Cullinane presses Gov. Baker, MBTA for update
Findings in the long-awaited report on the future prospects of the Mattapan Trolley Line report assert that problems associated with the Red Line extension extend well beyond the status of the 75-year-old trolleys, according to a story published online by Commonwealth Magazine on Sunday.
The article by Colman Herman, a contributor to the magazine, cites a consultant’s study, which was first expected to be released last winter, as laying out in detail the infrastructure issues involved in rehabilitating the high-speed line: Various elements, including tracks, stations, bridges, signals, switches, and the maintenance facility, were ranked marginal or poor 41 times; fair, moderate, or functional 48 times; good 47 times; and excellent only 5 times, the report notes, adding that “immediate attention” is required to address deteriorating rail ties on two bridges along the Mattapan line – the Gallivan Boulevard bridge and the Medway Street overhead bridge.
According to Herman’s report, the $1.1 million study, by CH2M, said the Gallivan bridge’s wooden rail ties are in poor condition and need to be replaced to “ensure safe operations,” and the bridges themselves suffer from cracks, deteriorating masonry, and paint issues.
The magazine’s scoop moved state Rep. Dan Cullinane, who has made the status and future of the line an integral issue for his office, to publish a statement to state and local officials noting that he had sent a letter “to Governor Baker last week expressing frustration over the silence and lack of details surrounding the several times delayed Mattapan Trolley study.”
“My ask was simple - have the MBTA leadership meet with all of us as a delegation for an honest conversation about what is in the report and why the delays and then have MBTA leadership host a meeting with the community for the same honest dialogue. … considering the holidays I did not expect to hear back until after the new year.”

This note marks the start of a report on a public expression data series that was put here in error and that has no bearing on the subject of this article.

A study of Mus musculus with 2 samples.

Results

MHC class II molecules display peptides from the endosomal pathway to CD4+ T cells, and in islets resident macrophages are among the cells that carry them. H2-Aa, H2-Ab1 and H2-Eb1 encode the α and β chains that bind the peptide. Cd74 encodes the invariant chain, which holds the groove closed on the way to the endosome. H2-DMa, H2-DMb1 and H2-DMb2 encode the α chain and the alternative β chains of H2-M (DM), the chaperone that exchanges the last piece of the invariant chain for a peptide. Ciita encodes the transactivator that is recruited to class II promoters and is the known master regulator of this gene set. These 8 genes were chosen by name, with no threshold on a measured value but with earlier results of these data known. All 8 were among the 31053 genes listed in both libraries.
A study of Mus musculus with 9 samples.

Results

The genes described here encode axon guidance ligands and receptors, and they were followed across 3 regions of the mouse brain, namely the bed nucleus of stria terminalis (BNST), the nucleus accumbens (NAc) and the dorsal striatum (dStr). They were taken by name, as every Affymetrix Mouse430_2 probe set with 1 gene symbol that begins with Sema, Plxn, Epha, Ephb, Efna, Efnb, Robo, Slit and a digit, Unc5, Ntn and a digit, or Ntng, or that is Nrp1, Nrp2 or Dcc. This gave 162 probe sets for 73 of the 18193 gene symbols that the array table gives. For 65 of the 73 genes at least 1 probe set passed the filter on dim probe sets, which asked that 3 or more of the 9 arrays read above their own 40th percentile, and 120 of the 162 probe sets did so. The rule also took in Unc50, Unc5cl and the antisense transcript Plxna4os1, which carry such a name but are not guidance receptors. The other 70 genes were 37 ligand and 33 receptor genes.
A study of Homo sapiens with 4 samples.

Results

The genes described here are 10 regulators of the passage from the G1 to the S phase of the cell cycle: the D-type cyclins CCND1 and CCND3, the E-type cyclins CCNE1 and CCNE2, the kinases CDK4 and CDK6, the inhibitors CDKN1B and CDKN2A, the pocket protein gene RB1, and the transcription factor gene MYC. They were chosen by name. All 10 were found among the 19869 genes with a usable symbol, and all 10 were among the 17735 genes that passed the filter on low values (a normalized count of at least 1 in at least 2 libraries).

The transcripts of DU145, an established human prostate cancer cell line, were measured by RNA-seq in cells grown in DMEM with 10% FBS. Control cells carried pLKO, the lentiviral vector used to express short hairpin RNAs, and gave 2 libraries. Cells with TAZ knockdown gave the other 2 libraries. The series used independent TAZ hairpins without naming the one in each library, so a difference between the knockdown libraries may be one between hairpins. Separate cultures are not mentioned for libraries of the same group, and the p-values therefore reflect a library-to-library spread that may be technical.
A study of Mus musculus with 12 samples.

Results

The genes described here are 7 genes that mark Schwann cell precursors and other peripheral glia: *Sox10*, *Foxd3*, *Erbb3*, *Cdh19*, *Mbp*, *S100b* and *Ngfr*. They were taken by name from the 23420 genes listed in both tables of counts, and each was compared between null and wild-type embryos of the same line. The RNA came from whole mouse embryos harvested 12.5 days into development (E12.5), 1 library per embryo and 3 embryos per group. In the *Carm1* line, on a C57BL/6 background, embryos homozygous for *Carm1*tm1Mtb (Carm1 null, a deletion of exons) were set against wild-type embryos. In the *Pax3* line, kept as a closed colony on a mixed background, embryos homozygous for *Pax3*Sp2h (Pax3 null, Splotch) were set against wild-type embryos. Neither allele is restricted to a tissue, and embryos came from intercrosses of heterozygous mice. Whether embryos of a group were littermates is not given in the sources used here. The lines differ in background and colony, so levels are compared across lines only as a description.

Given that, he said, he was “shocked and disappointed that somehow Commonwealth Magazine got the report and ran an article outlining what was contained in the MBTA commission report without so much as a phone call or email from the MBTA or the Administration “to his office.”
Cullinane added, “I look forward to continuing to work with each of you to preserve the Mattapan Trolley Line and to work with the MBTA to explore all possible solutions of saving the line with trolleys (they can be new trolleys with an historic outer shell if need be) as the service vehicles serving this route. This is an issue of transit equity for those served by this line and an issue about choosing to preserve history in our communities.”
The consultant’s report noted that the trolley maintenance facility, a barn-like structure that is open to the elements at both ends, is “barely marginal” for its intended use of servicing an aging fleet, the magazine reported, adding that the “limited and exposed maintenance area . . . makes large-scale fleet improvement efforts and internal modification programs extremely difficult, costly, and inefficient.”
The study also indicates compliance with the Americans with Disabilities Act is often marginal at the line’s eight stations, Herman noted, with access particularly problematic at Ashmont Station.
Herman wrote that the report, obtained under a public records request and follow-up appeal, sheds little light on the feasibility of various options or their cost because sections dealing with current needs, possible improvements, and capital programs were redacted.
He also noted that because the assessment of the infrastructure done by CH2M was based solely on visual observation, the consultant recommends that the T consider doing a “full bridge and structures assessment . . . that would include a detailed structure and foundation review and an underwater assessment of bridges along the Neponset River.”
In a Dec. 18 letter to Gov. Baker, Cullinane noted that the MBTA had convened a series of public meetings on the status of the trolley line in spring 2017. But, he noted that “there have not been any follow-up informational community meetings or any proactive meetings with the delegation of elected officials who represent the communities the Mattapan Trolley Line serves to inform us, and or our constituents, of the status of the upgrades to the trolley line or of the findings of the MBTA’s study.
Cullinane pressed Baker to direct MBTA leadership to brief him and other elected officials and to commit to the T “host an informational public meeting to do the same.”
A Reporter inquiry to MBTA officials regarding Cullinane's concerns remains pending at this hour.